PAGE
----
It'll be different...
When CO2 dissolves in human blood, it becomes carbonic acid. The carbonic acid releases H+, acidifying the blood a little (but a very clinically relevant amount), and most of the CO2 circulates as bicarbonate ion (HCO3-). Acidifying any bicarbonate solution is famously fizzy as the CO2 is released in the reverse reaction.
Some (10%) of CO2 does move through human blood as dissolved gas. But it's nonpolar, and adding HCl to blood should if anything make the aqueous solution even more polar, so I would hazard a guess you'll have even less than 10% solubility of gas.
Logan Kearsley pointed out that adding HCl across one of the carbon dioxide bonds gets you chloroformic acid, but I think the equilibrium concentration of this compound is low, and it will have little effect on bulk CO2 transport. Similarly, it is possible to protonate CO2, but low stability means it should only be a curiosity unless some advanced biochemical means is evolved to change that.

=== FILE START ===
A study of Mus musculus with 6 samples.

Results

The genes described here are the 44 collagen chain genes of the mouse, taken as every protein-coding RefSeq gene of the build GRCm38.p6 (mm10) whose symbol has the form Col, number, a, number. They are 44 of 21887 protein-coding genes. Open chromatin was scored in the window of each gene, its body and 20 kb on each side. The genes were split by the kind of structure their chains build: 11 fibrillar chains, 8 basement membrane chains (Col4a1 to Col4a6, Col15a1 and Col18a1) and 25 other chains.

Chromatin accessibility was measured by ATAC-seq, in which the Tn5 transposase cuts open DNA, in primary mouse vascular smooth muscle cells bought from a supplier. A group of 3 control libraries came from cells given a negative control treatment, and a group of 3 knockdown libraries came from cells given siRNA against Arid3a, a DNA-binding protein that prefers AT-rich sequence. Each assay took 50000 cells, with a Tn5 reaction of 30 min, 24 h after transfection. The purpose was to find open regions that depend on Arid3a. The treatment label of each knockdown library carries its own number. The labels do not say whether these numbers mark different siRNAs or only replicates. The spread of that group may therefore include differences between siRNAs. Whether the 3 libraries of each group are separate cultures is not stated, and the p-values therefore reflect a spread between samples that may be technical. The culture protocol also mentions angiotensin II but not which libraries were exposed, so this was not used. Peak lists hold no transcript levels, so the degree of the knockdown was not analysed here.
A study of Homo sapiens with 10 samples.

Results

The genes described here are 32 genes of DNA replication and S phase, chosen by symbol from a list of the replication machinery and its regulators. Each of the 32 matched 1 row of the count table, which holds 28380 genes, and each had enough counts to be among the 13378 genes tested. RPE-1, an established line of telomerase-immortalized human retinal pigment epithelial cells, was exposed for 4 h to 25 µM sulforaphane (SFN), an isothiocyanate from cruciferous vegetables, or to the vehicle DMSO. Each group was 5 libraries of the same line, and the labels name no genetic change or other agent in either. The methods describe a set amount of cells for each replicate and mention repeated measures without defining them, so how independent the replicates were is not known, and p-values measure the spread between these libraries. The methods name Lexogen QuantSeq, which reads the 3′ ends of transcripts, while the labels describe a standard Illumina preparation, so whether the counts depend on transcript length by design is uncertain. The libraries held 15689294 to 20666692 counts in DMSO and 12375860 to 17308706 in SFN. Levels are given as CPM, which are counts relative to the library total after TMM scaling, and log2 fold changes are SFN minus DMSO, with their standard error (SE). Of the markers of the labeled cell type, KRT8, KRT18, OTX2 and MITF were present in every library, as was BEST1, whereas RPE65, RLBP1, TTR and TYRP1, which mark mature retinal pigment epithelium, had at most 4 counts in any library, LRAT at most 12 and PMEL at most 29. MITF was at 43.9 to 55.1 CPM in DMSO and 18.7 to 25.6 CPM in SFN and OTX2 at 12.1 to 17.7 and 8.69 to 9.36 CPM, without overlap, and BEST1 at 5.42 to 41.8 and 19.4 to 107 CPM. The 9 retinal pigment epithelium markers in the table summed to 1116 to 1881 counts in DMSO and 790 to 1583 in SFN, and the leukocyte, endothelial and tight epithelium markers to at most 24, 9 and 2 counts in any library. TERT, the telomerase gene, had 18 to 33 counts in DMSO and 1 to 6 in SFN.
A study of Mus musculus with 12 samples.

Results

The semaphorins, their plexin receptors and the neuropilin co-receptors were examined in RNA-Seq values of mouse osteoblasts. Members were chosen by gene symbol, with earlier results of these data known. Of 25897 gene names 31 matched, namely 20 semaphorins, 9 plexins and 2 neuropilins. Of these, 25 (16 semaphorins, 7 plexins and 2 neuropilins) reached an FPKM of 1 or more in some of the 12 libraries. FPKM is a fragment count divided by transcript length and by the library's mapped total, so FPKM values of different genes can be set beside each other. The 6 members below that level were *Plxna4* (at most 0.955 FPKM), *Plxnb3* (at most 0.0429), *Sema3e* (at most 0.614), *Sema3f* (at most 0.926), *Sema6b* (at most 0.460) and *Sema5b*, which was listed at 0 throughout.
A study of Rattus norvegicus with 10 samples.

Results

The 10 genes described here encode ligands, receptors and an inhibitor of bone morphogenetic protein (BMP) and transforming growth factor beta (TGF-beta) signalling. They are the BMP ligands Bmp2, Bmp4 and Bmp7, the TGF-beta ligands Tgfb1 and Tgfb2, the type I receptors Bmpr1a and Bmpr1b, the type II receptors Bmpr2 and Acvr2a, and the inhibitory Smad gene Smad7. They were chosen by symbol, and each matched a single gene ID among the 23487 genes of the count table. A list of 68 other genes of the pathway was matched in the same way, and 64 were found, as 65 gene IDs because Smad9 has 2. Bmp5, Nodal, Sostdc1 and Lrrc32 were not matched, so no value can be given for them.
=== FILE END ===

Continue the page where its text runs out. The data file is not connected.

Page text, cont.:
Now in human blood some of the CO2 travels attached to hemoglobin (carboxyhemoglobin), but I think we're well into the range of acid hydrolysis of proteins, so let's scratch that one also.
What that leaves us is inorganic acid-stable catalysts which have evolved to sort of take over from proteins. The PROTOTYPE of these might be aluminum oxide, which adsorbs CO2 on its surface. But we're talking about a living being, which can presumably work wonders with its internal alumina. Even in inorganic industrial applications, alumina has many possible structures and catalytic activities, and your organisms will be assembling it atom by atom in a controlled way. So I'm going to go with alumina moving the CO2 at high efficiency in a manner fairly analogous to how hemoglobin carries oxygen.